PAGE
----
Brake Booster and ABS Control Unit Replacement on the Porsche 911 Carrera

Time:

3 hours3 hrs

Tab:

$250

Talent:

***

Tools:

Brake bleeder, torque wrench

Applicable Models:

Porsche 996 Carrera models (1999-05)
Porsche 996 Turbo, GT2, GT3 (2001-05)
Porsche 997 Carrera models (2005-12)
Porsche 997 Turbo, GT2, GT3 (2007-13)

Parts Required:

Master cylinder, brake fluid

Hot Tip:

Make sure that you keep all brake fluid away from your paint

Performance Gain:

Better braking assist

Complementary Modification:

Replace master cylinder, install stainless steel brake lines

The 911 Carrera is equipped with power brakes that utilize excess vacuum from the engine in order to assist with the pressure needed to apply the brakes. The vacuum is routed from the engine via a long plastic hose that runs up the side of the car, into the front trunk area, and plugs into a large circular brake boost canister that the master cylinder attaches too. After years of use, the rubber diaphragm inside the booster may leak or fail, causing the power assist function to lose its efficiency. In addition, this may cause an engine vacuum leak, which can affect the proper metering of the fuel injection system. Before you replace your brake booster though, be sure that you check the vacuum hose connections that run to the engine to see if there are any leaks there (see Pelican Technical Article: Finding Vacuum Leaks on the Porsche 911 Carrera). Beginning with the introduction of the 997, a mechanical vacuum pump was installed on the engine instead of a conventional air pump for providing the brake booster vacuum. This design enables a high and constant level of vacuum supply.

The first step in removing the booster is to remove the master cylinder (see Pelican Technical Article: Porsche 911 Carrera Master Cylinder Replacement). With the master cylinder removed, disconnect the three fittings from the top ABS control unit that were not attached to the master cylinder. Remove the ABS controller harness plug--the plastic tab on the side slides outward to allow the plug to pull up and off. Pull the brake line pressure regulator out of its clip. Loosen the two nuts on either side of the ABS controller and lift the controller out of the retaining bracket, maneuvering around the existing brake lines.

Now move to the other side of the booster, near the front firewall. Remove the clip that secures the brake booster actuation rod to the brake pedal rod and separate the two (see Figure 2). New boosters have an updated design that includes an integrated boot and an internal screw. This change was put into place for cars manufactured after September 13, 1999, and to use the newer-style booster with the older cars, you need to update the brake push rod and the hardware associated with it. The process of updating the older cars is a bit of a pain, but instructions are documented in a 16-page Porsche Tech Bulletin Boxster 6/01 4770 031 (Brake Booster Seal at the Firewall Changed). See the 101Projects.com website for more information on this update.

With the booster rod disconnected, now disconnect the vacuum line on the front of the booster. Remove the two very long Torx T-45 bolts that secure the brake booster to the firewall. These bolts are the same ones that the master cylinder nuts attach to. With the bolts off, the booster should simply separate from the wall.

Installation of the new booster is basically the reverse of disassembly. With the new brake hardware in place, carefully bleed the brakes according to the instructions found in Pelican Technical Article: Bleeding Porsche 911 Carrera Brakes.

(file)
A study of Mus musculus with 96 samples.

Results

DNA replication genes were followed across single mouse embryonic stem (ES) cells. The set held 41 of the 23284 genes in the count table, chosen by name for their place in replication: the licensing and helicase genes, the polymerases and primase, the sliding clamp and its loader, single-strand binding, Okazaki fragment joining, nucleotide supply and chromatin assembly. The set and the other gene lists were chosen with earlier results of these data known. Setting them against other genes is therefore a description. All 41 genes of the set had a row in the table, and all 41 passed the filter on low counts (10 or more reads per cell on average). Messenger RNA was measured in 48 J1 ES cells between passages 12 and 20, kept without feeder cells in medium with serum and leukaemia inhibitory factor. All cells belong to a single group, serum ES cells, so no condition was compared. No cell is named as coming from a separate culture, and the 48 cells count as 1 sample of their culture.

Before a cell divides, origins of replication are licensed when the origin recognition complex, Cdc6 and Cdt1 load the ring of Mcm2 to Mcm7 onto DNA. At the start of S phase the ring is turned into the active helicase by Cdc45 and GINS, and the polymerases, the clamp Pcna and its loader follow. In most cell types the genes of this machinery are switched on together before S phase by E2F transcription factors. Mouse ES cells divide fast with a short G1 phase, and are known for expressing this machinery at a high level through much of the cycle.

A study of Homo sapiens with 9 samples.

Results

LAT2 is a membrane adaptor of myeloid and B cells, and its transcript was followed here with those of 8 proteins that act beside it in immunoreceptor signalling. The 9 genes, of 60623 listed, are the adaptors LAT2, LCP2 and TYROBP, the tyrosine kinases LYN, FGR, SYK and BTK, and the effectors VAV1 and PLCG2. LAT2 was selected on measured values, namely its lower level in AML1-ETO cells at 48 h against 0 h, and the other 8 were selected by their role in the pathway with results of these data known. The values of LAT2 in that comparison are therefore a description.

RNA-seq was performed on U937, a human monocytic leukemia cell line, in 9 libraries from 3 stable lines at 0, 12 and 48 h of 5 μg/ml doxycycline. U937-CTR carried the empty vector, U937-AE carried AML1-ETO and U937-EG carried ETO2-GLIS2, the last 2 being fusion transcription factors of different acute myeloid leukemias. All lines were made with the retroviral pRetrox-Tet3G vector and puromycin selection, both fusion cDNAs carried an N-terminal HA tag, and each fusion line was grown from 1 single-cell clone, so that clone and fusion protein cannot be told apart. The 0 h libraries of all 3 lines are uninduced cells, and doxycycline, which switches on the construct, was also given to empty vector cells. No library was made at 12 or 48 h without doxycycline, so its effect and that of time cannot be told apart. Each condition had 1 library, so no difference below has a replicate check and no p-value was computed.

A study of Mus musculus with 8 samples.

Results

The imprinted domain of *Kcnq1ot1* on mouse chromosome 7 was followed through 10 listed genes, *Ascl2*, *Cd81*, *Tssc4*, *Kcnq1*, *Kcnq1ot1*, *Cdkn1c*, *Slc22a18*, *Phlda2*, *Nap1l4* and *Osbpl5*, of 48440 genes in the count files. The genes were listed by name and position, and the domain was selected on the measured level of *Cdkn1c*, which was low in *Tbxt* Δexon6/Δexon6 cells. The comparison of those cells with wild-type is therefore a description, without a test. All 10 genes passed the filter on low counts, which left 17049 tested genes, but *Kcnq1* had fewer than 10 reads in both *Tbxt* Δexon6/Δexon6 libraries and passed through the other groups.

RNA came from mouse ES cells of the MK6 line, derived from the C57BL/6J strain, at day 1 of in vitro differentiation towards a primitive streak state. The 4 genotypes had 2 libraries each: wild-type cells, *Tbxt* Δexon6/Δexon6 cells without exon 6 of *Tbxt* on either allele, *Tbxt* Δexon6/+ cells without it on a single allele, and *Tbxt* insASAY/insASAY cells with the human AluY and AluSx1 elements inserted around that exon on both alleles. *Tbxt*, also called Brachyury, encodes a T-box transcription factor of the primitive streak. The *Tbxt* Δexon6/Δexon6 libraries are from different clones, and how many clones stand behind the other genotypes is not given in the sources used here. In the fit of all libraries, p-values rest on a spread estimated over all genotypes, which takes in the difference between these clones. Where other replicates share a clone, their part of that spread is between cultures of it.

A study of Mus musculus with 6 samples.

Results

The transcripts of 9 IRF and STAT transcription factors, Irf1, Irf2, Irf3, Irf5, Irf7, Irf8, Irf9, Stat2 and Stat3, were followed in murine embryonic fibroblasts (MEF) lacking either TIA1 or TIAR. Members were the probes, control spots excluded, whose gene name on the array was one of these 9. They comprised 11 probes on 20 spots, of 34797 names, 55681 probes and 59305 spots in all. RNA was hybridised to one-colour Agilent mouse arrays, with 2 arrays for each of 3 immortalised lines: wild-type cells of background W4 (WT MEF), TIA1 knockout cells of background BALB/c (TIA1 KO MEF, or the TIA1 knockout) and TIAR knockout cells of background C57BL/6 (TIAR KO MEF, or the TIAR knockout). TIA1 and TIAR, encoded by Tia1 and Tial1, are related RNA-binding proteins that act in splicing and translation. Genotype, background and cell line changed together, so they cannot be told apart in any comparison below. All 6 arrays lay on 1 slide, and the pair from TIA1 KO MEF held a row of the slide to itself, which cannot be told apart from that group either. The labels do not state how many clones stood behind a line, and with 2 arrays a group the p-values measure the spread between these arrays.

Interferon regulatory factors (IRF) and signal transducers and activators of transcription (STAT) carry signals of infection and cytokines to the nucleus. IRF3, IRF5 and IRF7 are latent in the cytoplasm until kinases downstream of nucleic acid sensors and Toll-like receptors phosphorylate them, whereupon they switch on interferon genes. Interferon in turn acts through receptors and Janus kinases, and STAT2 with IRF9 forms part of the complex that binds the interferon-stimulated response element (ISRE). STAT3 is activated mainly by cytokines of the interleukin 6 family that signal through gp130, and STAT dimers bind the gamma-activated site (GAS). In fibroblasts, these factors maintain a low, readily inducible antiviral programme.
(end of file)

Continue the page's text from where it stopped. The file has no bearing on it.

In order to gain access to the linkage that connects the brake pedal to the booster actuator, you need to remove the alarm horn (purple arrow).
Figure 1

In order to gain access to the linkage that connects the brake pedal to the booster actuator, you need to remove the alarm horn (purple arrow). The upper right inset photo shows the vacuum hose plug that connects the engine vacuum line to the booster. Tug on this gently to remove it from the booster housing.

Use a set of wrenches to loosen up the connection between the booster actuator and the pedal cluster rod.
Figure 2

Use a set of wrenches to loosen up the connection between the booster actuator and the pedal cluster rod. This photo shows an early 2000 chassis--later cars have a booster with a longer bellows. The photo in the upper right shows the booster and pedal cluster disconnected. The pedal cluster rod (upper left) must be changed if the booster is replaced with a newer-style one.

This photo shows what needs to be disconnected in order to remove the ABS control unit.
Figure 3

This photo shows what needs to be disconnected in order to remove the ABS control unit. Using a flare-nut wrench, disconnect the main brake lines (yellow arrow). Then release the ABS electrical connection by pulling the connector release handle in the direction of the red arrows. Finally, unbolt the ABS unit from its bracket (purple arrow shows one of the mounting points).

Shown here is the front trunk with the master cylinder and ABS control unit removed.
Figure 4

Shown here is the front trunk with the master cylinder and ABS control unit removed. At this point, the bolts that hold the booster to the firewall have been removed, and the unit is ready to be removed from the car. The photo in the lower right shows the ABS control unit mounting bracket which needs to be removed so that you have enough clearance to pull the booster out (remove nuts--yellow arrows).

Here's the new booster and master cylinder installed.
Figure 5

Here's the new booster and master cylinder installed. At this point, simply remove the protective caps from all of the openings, install the ABS unit, reconnect the vacuum line, and reconnect the brake lines. Don't forget to bleed the entire brake and clutch system (Pelican Technical Article: Bleeding Porsche 911 Carrera Brakes).